I felt fortunate to finally have some time to rest and recoup some energy after having a challenging time balancing school and work. I took the opportunity to go back to my safe space – a time for myself, just catching up on television shows and movies I have been itching to watch but previously haven’t had the time to.
There I was, laughing at sitcoms and crying over fictional heartbreaks. All the while, tens and hundreds more get infected with the disease. The pandemic starts to take shape, and it looms over the vulnerable and the poor.
Something was creeping in the back of my mind. It was guilt.
I felt a little more empty than usual, with the excitement wearing off as situations at home get more mundane and lifeless every single day. I took the opportunity to go back to my first love – reading. I spent my days on our balcony, flipping pages and running my eyes over words so carefully weaved together.
There I was, finishing stories that spoke of humanity and revolutions. All the while, people are beginning to experience it. The pandemic has shaken the Filipino people, with calls of mass testing and better governance.
This time, the guilt wasn’t in the back of my mind anymore. Guilt has occupied it.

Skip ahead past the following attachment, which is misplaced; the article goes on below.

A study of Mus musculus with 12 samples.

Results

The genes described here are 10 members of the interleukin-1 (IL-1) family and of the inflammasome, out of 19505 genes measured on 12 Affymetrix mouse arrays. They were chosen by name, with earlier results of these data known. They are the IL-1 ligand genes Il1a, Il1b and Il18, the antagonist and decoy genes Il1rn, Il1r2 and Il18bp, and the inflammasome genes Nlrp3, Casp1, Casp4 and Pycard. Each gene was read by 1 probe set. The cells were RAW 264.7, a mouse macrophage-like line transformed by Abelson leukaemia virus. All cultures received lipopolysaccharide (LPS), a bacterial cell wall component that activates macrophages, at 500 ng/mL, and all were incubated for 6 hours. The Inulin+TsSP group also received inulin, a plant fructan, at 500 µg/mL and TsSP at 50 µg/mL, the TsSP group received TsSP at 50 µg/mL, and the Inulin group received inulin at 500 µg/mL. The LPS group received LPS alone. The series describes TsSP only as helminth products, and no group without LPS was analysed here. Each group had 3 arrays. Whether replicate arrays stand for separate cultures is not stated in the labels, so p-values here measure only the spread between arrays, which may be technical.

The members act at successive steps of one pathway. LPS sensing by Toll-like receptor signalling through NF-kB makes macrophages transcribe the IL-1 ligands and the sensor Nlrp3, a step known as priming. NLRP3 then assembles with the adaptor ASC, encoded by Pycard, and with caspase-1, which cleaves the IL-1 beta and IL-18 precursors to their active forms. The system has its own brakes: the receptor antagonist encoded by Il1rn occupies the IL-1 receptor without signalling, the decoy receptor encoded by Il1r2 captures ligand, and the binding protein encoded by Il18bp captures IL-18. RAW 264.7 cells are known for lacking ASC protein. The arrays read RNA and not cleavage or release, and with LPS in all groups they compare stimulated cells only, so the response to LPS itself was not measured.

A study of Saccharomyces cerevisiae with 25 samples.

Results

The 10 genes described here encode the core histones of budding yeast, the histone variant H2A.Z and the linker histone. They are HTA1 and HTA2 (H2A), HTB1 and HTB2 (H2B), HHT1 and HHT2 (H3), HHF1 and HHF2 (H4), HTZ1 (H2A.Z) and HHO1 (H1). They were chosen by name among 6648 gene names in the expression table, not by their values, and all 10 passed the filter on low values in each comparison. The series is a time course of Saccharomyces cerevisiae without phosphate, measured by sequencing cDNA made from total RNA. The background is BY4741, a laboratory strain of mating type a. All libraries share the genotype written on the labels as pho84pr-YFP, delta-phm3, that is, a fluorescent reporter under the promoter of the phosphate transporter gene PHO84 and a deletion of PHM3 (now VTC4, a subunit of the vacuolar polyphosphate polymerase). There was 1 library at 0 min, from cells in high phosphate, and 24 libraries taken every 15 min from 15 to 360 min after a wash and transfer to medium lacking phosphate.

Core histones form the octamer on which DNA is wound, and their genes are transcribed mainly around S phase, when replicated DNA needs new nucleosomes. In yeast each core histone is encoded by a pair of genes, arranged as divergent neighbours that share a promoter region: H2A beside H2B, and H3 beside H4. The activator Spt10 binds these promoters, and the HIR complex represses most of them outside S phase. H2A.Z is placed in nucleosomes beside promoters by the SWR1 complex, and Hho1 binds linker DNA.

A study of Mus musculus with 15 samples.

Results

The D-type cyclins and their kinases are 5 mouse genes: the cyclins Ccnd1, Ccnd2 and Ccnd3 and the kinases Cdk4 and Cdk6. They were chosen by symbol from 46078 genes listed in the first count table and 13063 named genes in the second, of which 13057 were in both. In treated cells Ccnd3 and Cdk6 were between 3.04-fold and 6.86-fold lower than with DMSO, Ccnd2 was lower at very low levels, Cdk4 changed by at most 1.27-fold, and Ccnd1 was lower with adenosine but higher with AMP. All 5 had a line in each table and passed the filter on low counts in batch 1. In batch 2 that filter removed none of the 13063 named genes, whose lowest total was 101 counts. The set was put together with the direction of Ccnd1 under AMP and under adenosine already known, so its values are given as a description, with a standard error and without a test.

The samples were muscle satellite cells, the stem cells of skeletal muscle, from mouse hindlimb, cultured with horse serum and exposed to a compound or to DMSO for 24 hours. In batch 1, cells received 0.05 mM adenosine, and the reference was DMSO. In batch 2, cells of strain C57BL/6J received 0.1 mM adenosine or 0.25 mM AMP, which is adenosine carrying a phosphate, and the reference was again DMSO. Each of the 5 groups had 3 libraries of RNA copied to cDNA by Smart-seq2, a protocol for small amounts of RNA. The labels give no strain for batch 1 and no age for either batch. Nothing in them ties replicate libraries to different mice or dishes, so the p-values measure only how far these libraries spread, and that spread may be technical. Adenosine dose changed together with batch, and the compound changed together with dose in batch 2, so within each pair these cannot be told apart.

I felt relieved and hopeful, as I was finally called to report back to my job at a government office. I took the opportunity to see the outside – the almost empty roads, a ghost town in comparison to the previously busy and loud streets. I observed how the very few open establishments coped.
There I was, typing away on computers and doing the job I am paid more than enough to do. All the while, some people are losing theirs. Small, non-essential businesses are forced to close, losing profits; some workers struggle with unemployment. Those allowed to operate take risks by investing in health protocols and following strict guidelines.
I thought I kept the guilt down. But it only waited until I had the opportunity to see the so-called ‘new normal.’
I feel privileged. I have a cozy bed to sleep on, I eat three meals a day, I have a job, and my family is all safe and healthy. I am taking the opportunity to reflect – at how lucky I am to have more than enough to get by, and how such luck is also making me feel guiltier than I ever was.
Here I am, writing this in a well-lit and well-ventilated room as a form of a personal pondering on the pandemic. All the while, the world is in chaos. Multitudes of it. The pre-existing problems like racism and poverty are worsened, while the number of those affected by pandemic move from tens to hundreds to thousands, and eventually to millions. People are struggling. People are dying.
Now, the guilt isn’t just in my head.
It’s about to consume me.
Everything I do, I am reminded that I am privileged, privileged enough to just think of these things, not experience them.